Consumer Alert: The scam that could steal your identity and your car. Here’s what you need to do.


My two investigations on April 6 and April 7 revealed that cyber-thieves are using New Yorkers’ names and addresses and buying auto insurance online. During the process, they get access to more of your driver’s license number, and that opens a wealth of doors for all kinds of nefarious activities.

In the state of New York, thieves can use your driver’s license number to do everything from filing a fraudulent unemployment claim to applying for a personal loan.

The bills are then sent to the unsuspecting New Yorker whose identity has been stolen, and many of those bills have a big bold threat on the back saying in essence, You better pay or "by law, your insurance carrier is required to report specific termination to the commissioner of motor vehicles." That’s exactly what happened to Penn Yan resident Kathy Bower. She’s one of perhaps thousands of New Yorkers victimized by this scam. A cyber thief bought a GEICO auto insurance policy using her stolen identity. Days ago, she got a threatening letter from the DMV.

"So that letter just basically said that GEICO had terminated my insurance on 3/19 and I had not notified the DMV, and I had to surrender my plates,” Bower said.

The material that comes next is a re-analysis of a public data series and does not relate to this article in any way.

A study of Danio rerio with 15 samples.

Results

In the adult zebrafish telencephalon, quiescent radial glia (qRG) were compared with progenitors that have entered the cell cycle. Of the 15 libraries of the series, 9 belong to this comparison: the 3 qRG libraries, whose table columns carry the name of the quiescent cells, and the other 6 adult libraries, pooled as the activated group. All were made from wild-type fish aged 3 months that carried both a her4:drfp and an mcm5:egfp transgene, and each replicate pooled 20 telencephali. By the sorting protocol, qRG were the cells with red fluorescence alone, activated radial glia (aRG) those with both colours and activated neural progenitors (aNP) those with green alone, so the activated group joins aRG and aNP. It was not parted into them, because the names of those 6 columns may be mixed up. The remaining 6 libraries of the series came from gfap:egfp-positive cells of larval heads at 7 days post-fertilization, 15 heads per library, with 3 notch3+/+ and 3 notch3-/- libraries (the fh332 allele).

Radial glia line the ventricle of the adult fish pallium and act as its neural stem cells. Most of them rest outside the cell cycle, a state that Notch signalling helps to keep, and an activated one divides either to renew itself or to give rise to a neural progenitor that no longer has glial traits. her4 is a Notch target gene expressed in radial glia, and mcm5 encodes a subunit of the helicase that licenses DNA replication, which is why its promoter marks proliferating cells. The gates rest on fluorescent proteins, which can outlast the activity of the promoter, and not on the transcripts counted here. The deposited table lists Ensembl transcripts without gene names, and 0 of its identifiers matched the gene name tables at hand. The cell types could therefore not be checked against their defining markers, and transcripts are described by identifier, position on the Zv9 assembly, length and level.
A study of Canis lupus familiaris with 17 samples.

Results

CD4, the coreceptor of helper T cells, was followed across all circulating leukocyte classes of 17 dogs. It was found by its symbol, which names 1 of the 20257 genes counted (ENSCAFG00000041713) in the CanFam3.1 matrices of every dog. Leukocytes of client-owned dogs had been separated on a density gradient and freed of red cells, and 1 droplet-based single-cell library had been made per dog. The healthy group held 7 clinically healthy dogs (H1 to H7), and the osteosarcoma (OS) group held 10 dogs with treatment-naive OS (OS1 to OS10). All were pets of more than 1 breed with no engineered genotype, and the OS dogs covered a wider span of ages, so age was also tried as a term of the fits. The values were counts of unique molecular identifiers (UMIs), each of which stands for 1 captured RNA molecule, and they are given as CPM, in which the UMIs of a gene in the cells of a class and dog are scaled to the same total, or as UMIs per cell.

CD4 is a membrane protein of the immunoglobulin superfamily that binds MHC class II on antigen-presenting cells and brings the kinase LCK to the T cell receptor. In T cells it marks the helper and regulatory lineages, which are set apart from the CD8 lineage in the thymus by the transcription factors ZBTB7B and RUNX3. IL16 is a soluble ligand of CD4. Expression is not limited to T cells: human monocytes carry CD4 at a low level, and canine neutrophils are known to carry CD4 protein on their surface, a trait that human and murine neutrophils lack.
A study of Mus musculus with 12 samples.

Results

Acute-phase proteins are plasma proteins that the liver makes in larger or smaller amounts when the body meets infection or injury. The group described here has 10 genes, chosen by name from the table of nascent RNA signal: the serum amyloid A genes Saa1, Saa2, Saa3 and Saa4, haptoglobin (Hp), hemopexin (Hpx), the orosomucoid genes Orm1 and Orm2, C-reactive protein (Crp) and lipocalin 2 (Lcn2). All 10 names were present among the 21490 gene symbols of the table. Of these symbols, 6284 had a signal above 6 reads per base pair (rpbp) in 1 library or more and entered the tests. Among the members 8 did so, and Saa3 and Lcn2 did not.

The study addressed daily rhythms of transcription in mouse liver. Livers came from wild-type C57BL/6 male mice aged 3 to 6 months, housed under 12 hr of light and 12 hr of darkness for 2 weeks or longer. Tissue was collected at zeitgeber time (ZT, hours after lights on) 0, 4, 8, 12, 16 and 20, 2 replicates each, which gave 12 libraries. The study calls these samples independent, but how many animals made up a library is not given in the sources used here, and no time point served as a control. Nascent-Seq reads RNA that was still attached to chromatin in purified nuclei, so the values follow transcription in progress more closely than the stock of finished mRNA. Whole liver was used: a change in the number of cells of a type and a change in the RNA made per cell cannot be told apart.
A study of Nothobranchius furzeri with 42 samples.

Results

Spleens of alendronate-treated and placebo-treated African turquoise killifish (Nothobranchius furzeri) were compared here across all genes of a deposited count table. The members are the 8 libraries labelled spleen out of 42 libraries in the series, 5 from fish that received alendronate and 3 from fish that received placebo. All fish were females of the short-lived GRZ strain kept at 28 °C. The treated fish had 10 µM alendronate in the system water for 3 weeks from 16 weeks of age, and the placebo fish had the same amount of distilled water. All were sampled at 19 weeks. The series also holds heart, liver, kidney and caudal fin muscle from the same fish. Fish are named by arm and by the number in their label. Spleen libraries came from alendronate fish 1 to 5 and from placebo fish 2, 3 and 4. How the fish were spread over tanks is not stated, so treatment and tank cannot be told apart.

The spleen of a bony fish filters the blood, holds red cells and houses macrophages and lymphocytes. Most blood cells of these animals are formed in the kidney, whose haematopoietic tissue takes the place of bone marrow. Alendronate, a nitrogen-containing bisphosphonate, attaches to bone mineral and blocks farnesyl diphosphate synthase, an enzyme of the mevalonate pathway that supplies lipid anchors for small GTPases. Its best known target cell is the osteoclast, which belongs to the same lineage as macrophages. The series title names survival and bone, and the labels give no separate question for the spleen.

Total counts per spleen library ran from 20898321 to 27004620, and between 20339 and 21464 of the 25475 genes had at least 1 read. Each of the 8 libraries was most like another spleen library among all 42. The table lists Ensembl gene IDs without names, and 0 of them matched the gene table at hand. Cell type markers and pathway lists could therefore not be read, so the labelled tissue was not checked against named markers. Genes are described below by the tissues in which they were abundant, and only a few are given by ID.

GEICO had notified the DMV when Bower didn’t pay the insurance policy a thief had bought in her name. The cyber thief had used Bower’s name but he had the wrong address. So Bower had never received the bills from GEICO. She had no idea she’d been scammed until she got a threatening letter from the DMV, and for days she was afraid to drive. After all, when she called the DMV, the warning was dire.

"They’ll impound your vehicle,” Bower recalled being told. “Do not drive. You have no insurance. That’s what she said!"

So I called the DMV. To be clear, Bower has auto insurance and is in good standing. So why didn’t the DMV know that? Was it safe for her to drive? A DMV spokesman told me yes, Bower can drive her car without fear of her car being impounded. But she’s been warned to keep proof of her insurance in her car in the vehicle. Bower’s real insurer was a big help. A representative contacted the DMV and assured them that Bower does indeed have insurance.

I reached out to GEICO as well. No one got back to me by our deadline. The DMV says it’s working with victims. If you get a letter from an insurer with which you don’t do business, don’t throw the letter away. It’s important to take care of this immediately. First, call the insurer that sent the bill to notify them about the fraud. Then immediately call the DMV’S Insurance Service Bureau at 1-518-474-0700. You can also check your insurance status online.

It’s important that you get assurance from the DMV that your records regarding your insurance coverage is correct.